DIGICOVID_VAR - Development of a digital PCR method for accurate detection and quantification of SARS-CoV-2 and its variants

Last updated on 15-6-2021 by Hanne Reyners
January 1, 2021
January 1, 2022

Financial Source

In short

The Severe Acute Respiratory Syndrome Coronavirus 2 (SARS-CoV-2) is the virus responsible for the COVID-19 epidemic. As of January 2021, several variants are cocirculating in the EU. Therefore, Sciensano develops a digital multiplex PCR method to allow a more accurate detection and quantification of particular SARS-CoV-2 variants in humans and environmental samples (like wastewater). In combination with the universal digital multiplex PCR for SARS-CoV-2 samples, the percentage of variants can be quantified in regards to the total SARS-CoV-2 virus in samples.

Project summary

This project develops a digital multiplex PCR method targeting specific genomic regions of SARS-CoV-2 variants circulating in the EU in order to allow a more accurate detection and quantification of SARS-CoV-2 variants in humans as well as in environmental samples (like wastewater). This project is a follow-up of a first project named DIGICOVID and in link with the surveillance of wastewater. In the DIGICOVID project, Sciensano developed a new digital multiplex PCR (ddPCR) method for the detection and quantification of SARS-CoV-2. This follow-up project focuses on the development of (a) multiplex ddPCR method(s) targeting the variants in humans as well as in environmental samples. Sciensano develops and validates the ddPCR on purified RNA controls and then tested on a selection of human and wastewater samples.

Viruses change constantly through mutations, and new variants of a virus are expected to occur over time. Certain mutations may affect its spreading (e.g. VUI 202012/01 SARS-CoV-2 variants) or cause more severe illness.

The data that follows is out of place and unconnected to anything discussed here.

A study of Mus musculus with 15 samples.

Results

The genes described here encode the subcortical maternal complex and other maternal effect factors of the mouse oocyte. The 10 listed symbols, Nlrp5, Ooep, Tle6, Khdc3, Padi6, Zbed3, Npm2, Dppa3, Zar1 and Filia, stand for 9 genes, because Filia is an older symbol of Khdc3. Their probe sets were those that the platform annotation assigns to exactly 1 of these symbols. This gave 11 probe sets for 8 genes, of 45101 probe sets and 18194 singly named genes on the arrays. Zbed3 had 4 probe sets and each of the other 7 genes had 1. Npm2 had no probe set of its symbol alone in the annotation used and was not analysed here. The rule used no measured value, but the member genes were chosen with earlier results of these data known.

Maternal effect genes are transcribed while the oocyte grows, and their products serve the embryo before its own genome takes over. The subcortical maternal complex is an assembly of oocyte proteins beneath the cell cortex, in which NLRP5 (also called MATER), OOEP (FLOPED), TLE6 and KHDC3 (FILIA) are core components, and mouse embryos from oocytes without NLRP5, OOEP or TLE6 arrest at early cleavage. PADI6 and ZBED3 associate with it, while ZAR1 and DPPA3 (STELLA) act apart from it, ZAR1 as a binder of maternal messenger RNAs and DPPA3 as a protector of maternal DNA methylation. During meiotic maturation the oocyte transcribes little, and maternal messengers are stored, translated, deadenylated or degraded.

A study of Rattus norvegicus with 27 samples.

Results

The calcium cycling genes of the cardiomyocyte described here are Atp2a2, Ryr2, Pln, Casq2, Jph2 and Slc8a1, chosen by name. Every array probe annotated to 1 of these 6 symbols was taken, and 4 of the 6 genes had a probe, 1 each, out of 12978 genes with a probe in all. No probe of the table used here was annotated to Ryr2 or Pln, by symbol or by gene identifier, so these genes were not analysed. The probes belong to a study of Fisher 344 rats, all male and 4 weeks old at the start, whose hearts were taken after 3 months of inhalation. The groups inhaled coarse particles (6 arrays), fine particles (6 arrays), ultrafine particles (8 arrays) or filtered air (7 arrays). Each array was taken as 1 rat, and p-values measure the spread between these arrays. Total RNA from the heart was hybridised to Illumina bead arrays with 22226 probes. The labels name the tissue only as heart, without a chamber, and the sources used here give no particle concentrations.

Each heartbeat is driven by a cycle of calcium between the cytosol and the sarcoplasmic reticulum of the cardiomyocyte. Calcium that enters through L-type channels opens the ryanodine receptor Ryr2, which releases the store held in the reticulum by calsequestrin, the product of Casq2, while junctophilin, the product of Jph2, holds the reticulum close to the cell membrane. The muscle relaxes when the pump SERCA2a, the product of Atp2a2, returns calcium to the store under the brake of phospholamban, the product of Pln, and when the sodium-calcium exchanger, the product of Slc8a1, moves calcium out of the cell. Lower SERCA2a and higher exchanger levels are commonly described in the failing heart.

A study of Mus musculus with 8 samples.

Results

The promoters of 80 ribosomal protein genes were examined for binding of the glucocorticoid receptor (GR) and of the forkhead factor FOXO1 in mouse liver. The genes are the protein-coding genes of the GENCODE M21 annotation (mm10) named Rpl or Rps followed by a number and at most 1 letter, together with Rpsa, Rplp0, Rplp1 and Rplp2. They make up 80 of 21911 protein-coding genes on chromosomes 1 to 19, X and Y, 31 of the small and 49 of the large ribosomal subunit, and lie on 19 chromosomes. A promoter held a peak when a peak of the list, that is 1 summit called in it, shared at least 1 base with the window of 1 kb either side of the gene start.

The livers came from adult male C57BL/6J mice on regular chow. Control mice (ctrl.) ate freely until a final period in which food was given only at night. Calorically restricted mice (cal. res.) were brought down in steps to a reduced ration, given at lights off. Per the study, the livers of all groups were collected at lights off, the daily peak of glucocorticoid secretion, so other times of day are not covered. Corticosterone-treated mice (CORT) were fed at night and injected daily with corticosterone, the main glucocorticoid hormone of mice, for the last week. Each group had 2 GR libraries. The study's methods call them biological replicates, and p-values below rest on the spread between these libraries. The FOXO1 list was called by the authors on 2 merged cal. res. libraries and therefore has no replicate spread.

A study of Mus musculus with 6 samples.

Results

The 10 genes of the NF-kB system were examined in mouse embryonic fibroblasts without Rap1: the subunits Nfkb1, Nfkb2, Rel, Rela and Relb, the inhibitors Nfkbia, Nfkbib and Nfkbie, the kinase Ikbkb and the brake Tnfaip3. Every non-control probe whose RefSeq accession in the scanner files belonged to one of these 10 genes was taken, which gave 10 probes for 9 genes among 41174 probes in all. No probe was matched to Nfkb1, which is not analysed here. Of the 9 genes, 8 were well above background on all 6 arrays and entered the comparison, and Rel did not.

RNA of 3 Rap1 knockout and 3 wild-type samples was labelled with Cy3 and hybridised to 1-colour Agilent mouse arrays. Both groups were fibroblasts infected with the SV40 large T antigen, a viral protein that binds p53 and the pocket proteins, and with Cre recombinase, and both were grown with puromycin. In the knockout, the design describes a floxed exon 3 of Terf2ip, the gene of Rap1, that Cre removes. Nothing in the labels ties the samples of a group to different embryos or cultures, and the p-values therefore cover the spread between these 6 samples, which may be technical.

Therefore, it is important to develop methods to detect rapidly these variants. Up to now, whole genome sequencing (WGS) seemed to be the most appropriate technology to detect variants characterised by several genetic modifications (mutations, insertions, deletions). However, WGS is more expensive and is more complicated to implement than PCR methods that are routinely used in diagnostics to detect SARS-CoV-2. Moreover, not all the diagnostic labs are equipped to generate and analyse WGS data. In addition, sometimes WGS cannot be applied on a sample because the nucleic acid concentration is too low or of bad quality. 

Therefore, Sciensano proposes to use PCR based methods as a first line screening, to detect a mutation representative of the variants (often present in the variants and not often present in the other SARS-CoV-2 genomes). This method has several advantages:

  • It allows a fast identification of suspected samples (after a few hours). WGS will be used in a second stage to confirm the variants. 
  • The PCR method(s) used to detect the variant(s) are developed similarly to the general method previously developed in the DIGICOVID project to detect all the SARS-CoV-2 strains (all variants) in order to be able to use these methods together. 
  • The selected technology will be digital PCR that presents several advantages like a high sensitivity, analysing difficult samples that often cause inhibition in PCRs (e.g. environmental samples like wastewater or faecal samples) and absolute quantification of the virus. 
  • The use of the universal ddPCR for SARS-CoV-2 genomes in combination with the specific multiplex ddPCR methods targeting SARS-CoV-2 genome variant(s) allows to quantify the percentage  of variants in regard to the total SARS-CoV-2 virus in a samples.